ML-1


ML-1 was an experimental nuclear reactor built as part of the US Army Nuclear Power Program between 1961 and 1965. It was intended to provide truck-mounted nuclear power that could accompany troops from place to place and provide power to command and communication centers, evacuation hospitals, depots, and radar and weapons systems.[1]:99

Unlike the other seven reactors of this program, it did not use a steam turbine, but instead used a nitrogen coolant at 315 psia to drive a closed-cycle gas turbine. It was designed to produce 3.3 MWt of heat and 400 kW of shaft horsepower with an outlet temperature of 1200 °F.[2]

Though the concept of a nitrogen closed cycle gas turbine was strong, the design failed to live up to expectations, and was abandoned with the closure of ML-1 in 1965 after several major refits and with only a few hundred hours of testing completed in all. Similar concepts have been more recently proposed as part of the PBMR program as derivatives thereof.

A 1964 economic analysis concluded that the overall cost of purchasing and operating the ML-1 for a period of 10 years would be about ten times that of a comparable diesel plant at normal fuel costs.[3]

Concept[edit]

Simplified diagram of the ML-1

The basic concept of a closed-cycle gas turbine using nitrogen, a relatively inert gas, in a closed loop with a fission heat source interposed between the compressor and turbine stages of a gas turbine was and remains very strong.

As such, the Atomic Energy Commission saw that such a reactor might meet the needs of the Army; the Army was interested, and the design and fabrication process began.

Design and Fabrication[edit]

The design of ML-1 was driven by the requirements of the customer, i.e., the Army, which wanted a turbine transportable by aircraft (having a low weight and being a cargo container in size) which led the engineers of Aerojet-General Nucleonics, the principal contractor, to make unusual design choices.

Extensive shielding was omitted in favor of a personnel exclusion zone of 500 feet (150 m) while in operation; efficiency enhancing devices such as recuperators were incorporated; insulation was specified to keep thermal values within optimum limits; a complex control system and a complex core were implemented; a completely new gas turbine was designed for the application; and the working fluid - nitrogen - was compressed to 9 standard atmospheres (910 kPa).

The design specification achieved its goals; the plant worked (on paper); and was transportable to Army requirements.

The ML-1 was fabricated as specified, though it was discovered later that materials not to specification were present (the specified stainless steel alloy for some of the piping, grade 316L had insufficient chromium in its composition in several locations, making it susceptible to corrosion) though this was not immediately evident in the delivered product.

Acceptance Testing[edit]

The ML-1 first operated as a power plant on September 21, 1962, producing only a few kilowatts of electricity. It first reached full power on February 28, 1963 [1]:100. On March 4, after the first 100-hour high power test, it was discovered that coolant gas was leaking into the moderator water. The plant was disassembled and rebuilt, and went back online in the spring of 1964.[1]:101

The ML-1 worked (though never to specification, only achieving a peak output of 66% of the specified electrical output), but it had numerous major issues along the route to working. Rapid shutdowns were commonplace, often due to spurious sensor readings, while real mechanical problems - with the non-nuclear components of the system - often were undetected until a degree of damage occurred. Fairly or unfairly, it became regarded to a certain extent as a "lemon" by top Army brass, and budget cuts due to the Vietnam War shut it down for good in 1965.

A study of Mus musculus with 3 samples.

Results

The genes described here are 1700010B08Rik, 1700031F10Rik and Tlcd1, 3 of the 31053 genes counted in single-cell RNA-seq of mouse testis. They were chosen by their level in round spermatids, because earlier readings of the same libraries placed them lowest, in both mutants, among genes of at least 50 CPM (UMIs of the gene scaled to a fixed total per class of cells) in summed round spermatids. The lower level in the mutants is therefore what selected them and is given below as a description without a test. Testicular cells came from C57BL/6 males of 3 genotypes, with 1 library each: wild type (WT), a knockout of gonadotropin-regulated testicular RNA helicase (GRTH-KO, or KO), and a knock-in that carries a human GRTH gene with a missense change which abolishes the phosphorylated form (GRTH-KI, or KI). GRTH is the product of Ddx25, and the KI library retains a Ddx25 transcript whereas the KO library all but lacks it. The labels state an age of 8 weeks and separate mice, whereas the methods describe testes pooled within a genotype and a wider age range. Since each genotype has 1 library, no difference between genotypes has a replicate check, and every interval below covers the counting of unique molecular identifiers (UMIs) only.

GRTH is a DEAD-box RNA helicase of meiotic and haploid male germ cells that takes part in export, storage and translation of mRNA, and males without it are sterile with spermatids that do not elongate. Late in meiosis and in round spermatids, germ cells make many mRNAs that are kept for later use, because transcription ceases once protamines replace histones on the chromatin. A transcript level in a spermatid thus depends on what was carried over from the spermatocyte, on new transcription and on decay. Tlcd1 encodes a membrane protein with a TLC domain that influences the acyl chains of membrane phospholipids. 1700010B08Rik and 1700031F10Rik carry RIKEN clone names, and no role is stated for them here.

Analysis[edit]

Adams argues that the ML-1 design and implementation was flawed due to the decision to build an advanced, highly efficient, easily transportable closed-cycle nitrogen gas turbine before any other functional version of the design had been created.[4]

Adams opines that the designers of ML-1 made several incorrect decisions, including adding an unnecessary recuperator to enhance efficiency, using a calandria-based water-tube fission heat source unproven in the "real world", using nine atmospheres of pressure at the compressor inlet that saved space but required a custom-built turbine rather than one designed for atmospheric pressures, placing insulating foil within the gas piping to improve efficiency (the foil later broke off and contaminated the closed loop with its flecks, causing deflaking problems for engineers), and using custom-built, first-of-a-kind components instead of using commercially proven aircraft or power generation derived turbines.[4]

References & notes[edit]

  1. ^ a b c Suid, Lawrence H. (1990). The Army's Nuclear Power Program: The Evolution of a Support Agency. Contributions in Military Studies, Number 98. ISBN 978-0-313-27226-4.
  2. ^ Wayne, W. D. (1963-06-15). "ML-1 nuclear power plant initial power tests". American Nuclear Society 9th Annual Meeting. Salt Lake City, UT (United States): Aerojet-General Nucleonics. OSTI 4880928.
  3. ^ United States (Feb 19, 1964). "AEC Authorizing Legislation: Hearings Before the Joint Committee on Atomic Energy, Congress of the United States. 84th-93rd Congress". United States. Congress. Joint Committee on Atomic Energy: 414. Retrieved 29 September 2019.
  4. ^ a b Adams, Rodney (Rod) M. (November 1995). "ML-1 Mobile Power System: Reactor in a Box". Atomic Insights. USA: Adams Atomic Engines, Inc. Retrieved 2009-10-27.